Could you tell us a little about this new exhibition?
This exhibition was initially due to open in late March and I had been working steadily towards that deadline then lockdown happened. So after 3 months of thinking constantly about the show all of a sudden I wasn’t. It was a bit like a reset but I kept myself busy whilst waiting to hear if and when it was to eventually open.( Baucher was being modest, he had an online exhibition and talk with the Linenhall Library along with a film commissioned by the Mac entitled ‘It will pass’.)
So it’s safe to say that the lockdown changed things regarding the exhibition. A few years ago on one of my habitual charity shop trawls, my attention was caught by a tourist souvenir album from Jerusalem. Slightly bigger than the colour postcards inside, the polished walnut cover has a rough carving of the Al Asqua Mosque. Inside, opposite the scenic postcard views of the Holylands are pressed flowers arranged very simply with protective tracing paper. It’s a beautiful and unusual item and having lived in Israel and the Old City of Jerusalem 35 years ago it was a simple decision to buy. The album is dated December 1924 and titled “Flowers from the Holy Land”, depicting images of Jerusalem from that period.
Essentially I started riffing off this postcard album using the idea of a tourist offer from Ballymacarrett , East Belfast where I have lived for the past 15 years. After being shortlisted for the Freelands Award through Ps2 gallery and a visit to my studio in the Vault Artist Studio I was invited to put together a show and exhibit. I’d been documenting, picking and pressing flowers for a few years and I was keen to explore ways to display the flowers and photographs as a celebration of the mundane and the overlooked (a constant theme in Baucher’s work).
The album has been sitting around in your possession for a decade?
Yeah there abouts. You come across things over the years and some of them just sit as part of what you’ve collected during your life. Often I find that if something resonates with me I will keep hold of it and at some point it might become something that I introduce to my work. In recent times I have been moving more and more towards sculptural/assemblages so often items catch my eye for it’s shape or form though there is often an instant read of it’s past just by looking at it’s patina and wear and tear. I won’t hesitate to spend a couple of quid on an item with a vague notion and I’ve used a number of charity shop and market stall finds in the exhibition. I tend to follow my instincts regarding charity shop finds, buy it when you find it is my advice.
What shape does the exhibition take?
I’m not trying to replicate the souvenir album as such but it is my starting point. The flowers that I have been documenting grow in the cracks and pavements despite being regularly sprayed. This failure of control is about mans insistence on measuring and quantifying everything. I decided to use what are considered obsolete tools of measurement specifically ‘imperial’ wooden carpenters/craftsmens rulers. The hinges have a range of articulations which I began to research on how to repurpose them as framing devices. Their age and patina also add to the work. I’ve tried to use them as non invasively as possible but well you know you do have to breaks a few eggs to make an omelette, so a few were sacrificed a few (I bought on line that were cheap knocks offs or were metric and imperial).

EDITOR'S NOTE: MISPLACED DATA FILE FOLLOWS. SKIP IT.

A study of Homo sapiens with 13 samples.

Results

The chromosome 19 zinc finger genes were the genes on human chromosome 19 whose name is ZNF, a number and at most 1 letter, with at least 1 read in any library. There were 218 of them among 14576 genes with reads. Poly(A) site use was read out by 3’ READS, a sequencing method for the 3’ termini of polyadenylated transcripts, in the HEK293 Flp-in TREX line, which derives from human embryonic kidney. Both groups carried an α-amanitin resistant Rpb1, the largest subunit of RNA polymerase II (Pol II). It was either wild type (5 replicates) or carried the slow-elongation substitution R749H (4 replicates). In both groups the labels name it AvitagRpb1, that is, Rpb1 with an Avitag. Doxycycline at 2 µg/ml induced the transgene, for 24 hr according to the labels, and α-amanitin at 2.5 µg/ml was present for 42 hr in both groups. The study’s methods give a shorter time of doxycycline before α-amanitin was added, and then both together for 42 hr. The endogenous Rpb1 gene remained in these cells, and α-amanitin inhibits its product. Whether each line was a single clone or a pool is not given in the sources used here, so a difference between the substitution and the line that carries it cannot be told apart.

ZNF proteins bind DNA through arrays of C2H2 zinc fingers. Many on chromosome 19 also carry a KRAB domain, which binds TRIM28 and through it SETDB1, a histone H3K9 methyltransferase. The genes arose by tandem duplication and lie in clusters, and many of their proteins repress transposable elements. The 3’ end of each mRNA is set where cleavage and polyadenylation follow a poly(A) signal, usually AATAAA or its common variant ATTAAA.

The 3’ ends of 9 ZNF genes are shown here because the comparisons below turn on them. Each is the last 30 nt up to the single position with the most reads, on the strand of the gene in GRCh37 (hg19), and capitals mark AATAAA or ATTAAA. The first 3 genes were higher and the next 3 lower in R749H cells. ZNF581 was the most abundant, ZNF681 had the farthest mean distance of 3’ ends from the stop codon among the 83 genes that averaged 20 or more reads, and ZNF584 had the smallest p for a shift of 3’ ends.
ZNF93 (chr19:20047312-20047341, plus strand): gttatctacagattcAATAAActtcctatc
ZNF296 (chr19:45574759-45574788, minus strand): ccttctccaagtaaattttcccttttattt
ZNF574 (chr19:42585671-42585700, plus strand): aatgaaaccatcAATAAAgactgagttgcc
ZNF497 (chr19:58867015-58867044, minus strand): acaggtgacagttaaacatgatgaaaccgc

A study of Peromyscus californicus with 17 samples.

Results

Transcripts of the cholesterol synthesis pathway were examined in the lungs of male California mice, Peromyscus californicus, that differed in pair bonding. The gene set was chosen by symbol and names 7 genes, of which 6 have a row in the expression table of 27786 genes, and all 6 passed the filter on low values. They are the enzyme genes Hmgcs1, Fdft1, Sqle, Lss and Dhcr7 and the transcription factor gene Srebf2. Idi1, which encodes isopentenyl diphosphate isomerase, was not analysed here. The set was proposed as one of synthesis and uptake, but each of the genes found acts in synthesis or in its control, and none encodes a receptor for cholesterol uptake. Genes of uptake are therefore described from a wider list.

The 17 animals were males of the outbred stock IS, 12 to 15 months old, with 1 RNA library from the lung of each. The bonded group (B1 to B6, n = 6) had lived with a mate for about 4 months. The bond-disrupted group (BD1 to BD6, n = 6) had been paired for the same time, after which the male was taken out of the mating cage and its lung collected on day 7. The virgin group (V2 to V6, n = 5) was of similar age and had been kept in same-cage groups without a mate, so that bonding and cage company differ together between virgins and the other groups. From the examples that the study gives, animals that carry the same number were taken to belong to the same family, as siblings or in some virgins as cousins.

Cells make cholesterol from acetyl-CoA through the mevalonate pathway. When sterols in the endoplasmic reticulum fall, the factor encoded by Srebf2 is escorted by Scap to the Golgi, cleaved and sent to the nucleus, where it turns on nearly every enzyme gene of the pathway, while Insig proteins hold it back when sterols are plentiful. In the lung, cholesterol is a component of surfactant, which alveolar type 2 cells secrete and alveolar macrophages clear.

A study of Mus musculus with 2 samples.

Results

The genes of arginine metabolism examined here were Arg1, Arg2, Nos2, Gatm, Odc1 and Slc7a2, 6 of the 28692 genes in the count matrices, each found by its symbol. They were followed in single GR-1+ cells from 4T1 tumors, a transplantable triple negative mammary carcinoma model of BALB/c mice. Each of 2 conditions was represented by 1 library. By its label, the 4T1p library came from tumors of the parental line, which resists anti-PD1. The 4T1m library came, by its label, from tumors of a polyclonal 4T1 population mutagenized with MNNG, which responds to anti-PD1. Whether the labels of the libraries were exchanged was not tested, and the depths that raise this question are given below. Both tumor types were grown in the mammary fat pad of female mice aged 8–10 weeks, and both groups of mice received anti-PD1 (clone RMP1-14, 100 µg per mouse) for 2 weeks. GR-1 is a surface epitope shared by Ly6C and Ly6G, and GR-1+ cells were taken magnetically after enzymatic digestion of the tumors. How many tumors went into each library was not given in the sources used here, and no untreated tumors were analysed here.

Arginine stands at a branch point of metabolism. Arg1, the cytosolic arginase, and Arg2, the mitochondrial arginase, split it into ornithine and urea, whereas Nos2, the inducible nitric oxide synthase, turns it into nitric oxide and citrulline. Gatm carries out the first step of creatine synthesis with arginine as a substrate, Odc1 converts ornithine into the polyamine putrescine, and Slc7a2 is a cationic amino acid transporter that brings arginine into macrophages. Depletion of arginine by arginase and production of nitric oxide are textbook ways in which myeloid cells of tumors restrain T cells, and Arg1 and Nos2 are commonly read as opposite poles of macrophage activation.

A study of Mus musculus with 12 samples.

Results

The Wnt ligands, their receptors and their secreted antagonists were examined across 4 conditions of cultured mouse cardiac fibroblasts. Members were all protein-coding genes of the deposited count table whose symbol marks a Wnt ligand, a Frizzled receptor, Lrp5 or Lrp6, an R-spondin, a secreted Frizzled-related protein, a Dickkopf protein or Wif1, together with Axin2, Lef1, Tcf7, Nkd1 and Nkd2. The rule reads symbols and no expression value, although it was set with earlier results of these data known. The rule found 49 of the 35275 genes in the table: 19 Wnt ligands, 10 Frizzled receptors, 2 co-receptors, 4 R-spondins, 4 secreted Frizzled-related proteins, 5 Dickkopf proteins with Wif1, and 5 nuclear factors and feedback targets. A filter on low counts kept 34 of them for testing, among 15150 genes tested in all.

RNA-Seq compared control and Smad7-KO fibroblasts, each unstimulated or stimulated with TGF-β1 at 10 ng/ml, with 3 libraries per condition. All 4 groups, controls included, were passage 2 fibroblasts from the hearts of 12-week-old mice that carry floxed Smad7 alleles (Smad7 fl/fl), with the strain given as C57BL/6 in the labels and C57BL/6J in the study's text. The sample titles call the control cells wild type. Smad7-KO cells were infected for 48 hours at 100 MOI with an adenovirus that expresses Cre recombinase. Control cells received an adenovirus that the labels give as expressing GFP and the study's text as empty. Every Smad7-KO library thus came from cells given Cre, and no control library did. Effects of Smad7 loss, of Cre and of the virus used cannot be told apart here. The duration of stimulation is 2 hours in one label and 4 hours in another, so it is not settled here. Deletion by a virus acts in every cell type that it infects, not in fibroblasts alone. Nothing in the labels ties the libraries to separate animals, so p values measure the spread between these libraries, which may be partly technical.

I also decided that I should introduce sympathetic framing elements so I crafted mahogany and walnut cradles for the slides to in for display. I took that further by creating Samson and Goliath (the iconic H&W cranes) using architectural scale rulers and steel rulers with mahogany and walnut.
I have worked quite hard to learn how to treat the flowers, how to press them properly. My initial idea was to have the actual flower depicted in the documentary photograph …this is the flower that I photographed…a real statement of veracity. That went out the window unfortunately when I discovered that the flowers I’d pressed had rotted or moulded. Lessons were learnt and there are optimal times to pick and press flowers.
And as you said your ideas have developed over time?
The postponement and lockdown actually gave me pause to think. And well….I think it’s a better exhibition for it. I’m very happy with how this has evolved and I have to thank Peter Mutschler for his understated curatorial guidance and allowing me the space to have at it. There’s been quite a bit of lateral thinking and problem solving on how to create work that is sympathetic to the subject with what I hope folk will see as uncomplicated, elegant solutions.
Often creating work is about bringing the elements together and this coalescence took time to really show itself ( without lockdown this would be nowhere like the same exhibition). The boxwood vintage (and antique) carpenters rulers demand respect so I have been as non invasive as possible. I do like repurposing and reimagining uses for items so using cable-ties rather than perhaps brass wire to connect the rulers makes sense. It also recognises my previous usage of the utilitarian fixing.The mix of old and new appeals to me.
There are a number of underlying themes in “Flowers from the East.”
Quite a few. There is an element of reminiscence because of my time spent in Jerusalem as a young man. There is the theme of resilience and of respecting and acknowledging our industrial and built heritage. I am not alone in being upset at what is happening in our city centre and our built heritage. It should be repurposed and re imagined but not as a Noo Yawck fantasy lifestyle. And I’ve said enough now.
Information about the exhibition – www.pssquared.org/projects/flowers-from-the-east
See another interview with John Baucher, ‘Documenting the Undocumented‘.